Boeing Contract Debate Divides Union Leadership
“We need every member to stand with us in solidarity, and just say no to this takeaway offer. We are under a great deal of pressure to give up our pension, pay dramatically more in healthcare costs, and stagnate wage growth so we have less take-home pay going forward. We are asked to accept less when Boeing has record profits, record backlogs and approved a $10 billion stock buy back. Machinists stand ready to build the 777X. We are the key to a successful 777X future. Rejecting this concessionary offer, does not diminish all the advantages of building the plane here. Our current wages and benefits are less than 5 percent of airplane costs without these concessions. Vote no and tell Boeing to focus on building the 777X here because analysts, customers and shareholders agree — that is the right choice!”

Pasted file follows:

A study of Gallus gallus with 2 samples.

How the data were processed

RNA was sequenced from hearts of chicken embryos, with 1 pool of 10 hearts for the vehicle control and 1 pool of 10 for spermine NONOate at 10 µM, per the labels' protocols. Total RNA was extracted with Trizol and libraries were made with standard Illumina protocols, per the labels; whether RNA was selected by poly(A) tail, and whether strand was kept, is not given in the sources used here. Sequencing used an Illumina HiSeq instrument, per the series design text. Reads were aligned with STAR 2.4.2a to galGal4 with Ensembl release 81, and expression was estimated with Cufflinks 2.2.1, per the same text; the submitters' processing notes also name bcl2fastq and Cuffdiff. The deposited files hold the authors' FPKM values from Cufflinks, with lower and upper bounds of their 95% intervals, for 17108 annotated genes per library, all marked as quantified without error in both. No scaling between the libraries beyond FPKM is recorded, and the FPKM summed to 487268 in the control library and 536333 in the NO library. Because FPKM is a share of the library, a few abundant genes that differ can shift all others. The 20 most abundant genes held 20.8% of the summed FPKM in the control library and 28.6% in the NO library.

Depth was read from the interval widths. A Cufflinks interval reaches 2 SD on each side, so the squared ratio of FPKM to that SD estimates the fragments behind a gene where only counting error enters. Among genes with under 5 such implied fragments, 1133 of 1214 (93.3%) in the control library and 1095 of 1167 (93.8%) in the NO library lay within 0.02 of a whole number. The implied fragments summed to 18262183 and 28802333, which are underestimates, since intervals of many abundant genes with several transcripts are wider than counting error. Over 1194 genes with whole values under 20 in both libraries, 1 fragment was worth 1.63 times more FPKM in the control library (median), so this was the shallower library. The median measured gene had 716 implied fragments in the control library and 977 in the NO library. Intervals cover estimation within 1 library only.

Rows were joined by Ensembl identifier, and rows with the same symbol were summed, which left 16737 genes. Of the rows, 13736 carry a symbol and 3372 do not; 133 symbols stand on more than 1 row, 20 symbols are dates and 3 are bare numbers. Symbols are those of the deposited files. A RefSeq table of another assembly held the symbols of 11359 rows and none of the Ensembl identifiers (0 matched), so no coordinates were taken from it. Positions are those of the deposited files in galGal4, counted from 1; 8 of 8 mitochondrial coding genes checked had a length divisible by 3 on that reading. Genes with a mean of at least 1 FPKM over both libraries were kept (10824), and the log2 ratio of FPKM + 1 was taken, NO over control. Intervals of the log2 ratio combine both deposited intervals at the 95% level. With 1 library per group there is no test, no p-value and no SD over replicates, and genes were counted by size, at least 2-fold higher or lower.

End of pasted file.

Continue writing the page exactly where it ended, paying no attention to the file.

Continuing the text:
Those words appeared on poster announcing a solidarity rally ahead of the January 3 union vote on the latest Boeing (NYSE:BA) contract, showing that a significant opposition to the latest offer exists among District 751 members of the 31,000-strong International Association of Machinists and Aerospace Workers. If members of Boeing’s largest union reject the eight-year contract extension, the jet manufacturer will not build the wing of its newest aircraft — the redesigned 777X — in Washington state, company executives told government officials in the Seattle area on Monday.
However, as Reuters reported, Boeing has not ruled out setting up the final assembly of the plane or construction of its fuselage in the Puget Sound area if local union members turn down the proposal. “They made it very clear that if there is a ‘no’ vote on the contract, they will not build the composite wing here,” Kent, Washington mayor Suzette Cooke told the publication. “It left the other parts of the plane in question.” She is confident that union workers will approve the latest proposal. “It is such a sweet deal,” Cooke added, explaining that Boeing workers would secure better pay and benefits than most other American workers if they vote yes.